This is an exclusive song premiere, part of The ARTery's effort to highlight ascending New England musicians.
When Anna Rae created the live performance series All Together Now in 2016, she was venturing into unknown territory. The musician and curator wanted to bring people together: across genre, across difference, across cities. Her goal was to elevate queer artists, women and people of color, mostly from greater Boston, but some from New York City. In this utopian-tinged vision, they'd all be mixed up together — rappers next to prog rock bands, performance artists alongside tango dancers, and an intergenerational audience that was open to it all.
Three years later, All Together Now is on its 11th installment, set for Nov. 9. Rae's focus has narrowed to greater Boston, and she has learned a few things — namely, how to get funding. (The series has twice been a recipient of the Boston Foundation's Live Arts Boston grant.) After taking 2018 off, Rae decided to cut back on the number of events she puts together each cycle, nearly by half, to devote more resources and energy to promotion. She observed that, while artists appreciated paid performance opportunities, "what they really reacted to was the promotional support." Rae recalled how one artist repurposed a photo of himself from a Scout Somerville article about the series in his email signature. In other words, the press and social media garnered by All Together Now helped legitimize independent artists as much as, or more than, the event itself.
It was perhaps with this in mind that Rae concocted the rather novel promotional strategy of releasing three singles — all together, as it were — by musicians performing at All Together Now. (The tactic worked — here we are, after all, premiering the tracks.) The artists — singer-songwriter Jenee Halstead, rapper Red Shaydez and Rae's band Hemway — each bring a distinctive touch. Together, they show just how eclectic and creative All Together Now can be. Have a listen to all three below:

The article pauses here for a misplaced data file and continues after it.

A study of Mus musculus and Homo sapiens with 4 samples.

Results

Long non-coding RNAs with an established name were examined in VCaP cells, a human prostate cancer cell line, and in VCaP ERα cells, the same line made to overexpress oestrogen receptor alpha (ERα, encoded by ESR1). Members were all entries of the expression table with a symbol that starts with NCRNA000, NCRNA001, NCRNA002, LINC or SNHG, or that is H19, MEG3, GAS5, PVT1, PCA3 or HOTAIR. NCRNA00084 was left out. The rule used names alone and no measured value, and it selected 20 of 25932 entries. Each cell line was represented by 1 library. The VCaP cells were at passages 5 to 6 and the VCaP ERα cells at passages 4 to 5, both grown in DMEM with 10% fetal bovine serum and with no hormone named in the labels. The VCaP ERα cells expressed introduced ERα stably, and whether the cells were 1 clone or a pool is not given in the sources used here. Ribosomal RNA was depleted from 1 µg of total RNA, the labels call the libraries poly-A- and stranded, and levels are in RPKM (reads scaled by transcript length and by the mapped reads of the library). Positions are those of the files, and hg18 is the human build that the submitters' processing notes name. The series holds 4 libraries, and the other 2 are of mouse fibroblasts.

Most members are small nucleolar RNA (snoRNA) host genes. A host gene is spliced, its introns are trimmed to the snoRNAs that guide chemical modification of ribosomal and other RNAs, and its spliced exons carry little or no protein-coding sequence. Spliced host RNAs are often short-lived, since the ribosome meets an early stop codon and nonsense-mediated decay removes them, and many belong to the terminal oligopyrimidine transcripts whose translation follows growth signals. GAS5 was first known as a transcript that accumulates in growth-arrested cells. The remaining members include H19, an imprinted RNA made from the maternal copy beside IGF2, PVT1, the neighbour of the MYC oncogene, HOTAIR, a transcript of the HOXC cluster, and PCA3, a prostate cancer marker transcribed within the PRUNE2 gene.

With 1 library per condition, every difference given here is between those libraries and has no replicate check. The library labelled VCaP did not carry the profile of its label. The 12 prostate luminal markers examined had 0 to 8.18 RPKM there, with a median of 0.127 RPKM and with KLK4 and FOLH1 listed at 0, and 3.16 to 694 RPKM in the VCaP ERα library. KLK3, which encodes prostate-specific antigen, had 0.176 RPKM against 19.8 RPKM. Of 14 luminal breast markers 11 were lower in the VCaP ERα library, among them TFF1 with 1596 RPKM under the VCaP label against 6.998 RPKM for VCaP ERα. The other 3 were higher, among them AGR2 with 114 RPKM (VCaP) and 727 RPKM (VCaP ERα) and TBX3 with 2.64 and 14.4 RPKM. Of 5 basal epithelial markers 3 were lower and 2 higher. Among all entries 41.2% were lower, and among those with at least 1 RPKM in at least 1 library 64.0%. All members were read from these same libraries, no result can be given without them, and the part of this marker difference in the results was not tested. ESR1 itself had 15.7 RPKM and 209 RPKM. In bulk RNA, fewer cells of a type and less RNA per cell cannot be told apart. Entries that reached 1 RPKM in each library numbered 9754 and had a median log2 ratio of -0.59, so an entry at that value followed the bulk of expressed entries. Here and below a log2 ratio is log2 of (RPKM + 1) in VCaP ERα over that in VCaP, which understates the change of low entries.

Jenee Halstead, 'The Crying Game'
Jenee Halstead knew she would be filling big shoes when she decided to cover "The Crying Game," the Geoff Stephens-penned song popularized, by Boy George, in the 1993 film of the same name. (Look for Halstead's new solo album, "Disposable Love," in 2020.) "The weight of this felt like something that needed to be honored," Halstead says, due to the film's ahead-of-its-time portrayal of the transgender character Dil. Halstead's take on "The Crying Game" is more grounded than its predecessor; she trades Boy George's swimmy synths for deep, reverb-laden guitars and his ethereal vocals for a full-chested croon. Her version takes on an eerie, almost macabre tenor. "One day soon I'm gonna tell the moon about the crying game," she sings. "And if he knows, maybe he'll explain." In Halstead's hands, those playful lyrics deepen.
Red Shaydez, 'Circa '96'
In the era of SoundCloud's loose, impressionist rap, Red Shaydez proudly hearkens back to the dense rhymes of hip-hop's golden era. "Circa '96," from her upcoming album "Feel The Aura," is the rapper's ode to that time. It's packed with inside references, like Lil Kim's classic album "Hard Core" and Funkmaster Flex's "Funk Flex bomb" sound effect from his iconic New York radio show. The beat, produced by ENON Jacobs, revels in record scratches and moody samples. "For me, bars still matter," Shaydez intones on a spoken interlude, referring to the complex wordplay favored by '90s rappers. "See, I'm even talking on a track like they did in the '90s." But "Circa '96" is more than just cheek; it's a nostalgic look back at simpler times, told through the memories of a '90s kid. "Neighbors stayed looking out/ Families still were together," Shaydez raps. Whether or not things were as really as good as she remembers, she makes you believe it.
"Camera" is the kind of song that sneaks up on you: first a meditative bass line, then a slinky guitar lick. "Paint your nails/ Change your face/ I need a whore or saint," vocalist Chloe Green sings forebodingly. The song builds to a combustive climax, guitars and drums playing aggressive counterpoint to Green's keening crescendo. "Camera" is about "how we are conditioned to perform for cameras from a very young age," Green says. The song, she adds, "draws the link between 'cutting up' and manipulating images for advertising and the cutting of our bodies when we go under the knife to change our appearance to match advertised images we see in print or on screen." Hemway renders the theme with ominous skepticism. Even as the group questions the ubiquity of cameras in contemporary life, you get the sense there's no escape.
This article was originally published on November 01, 2019.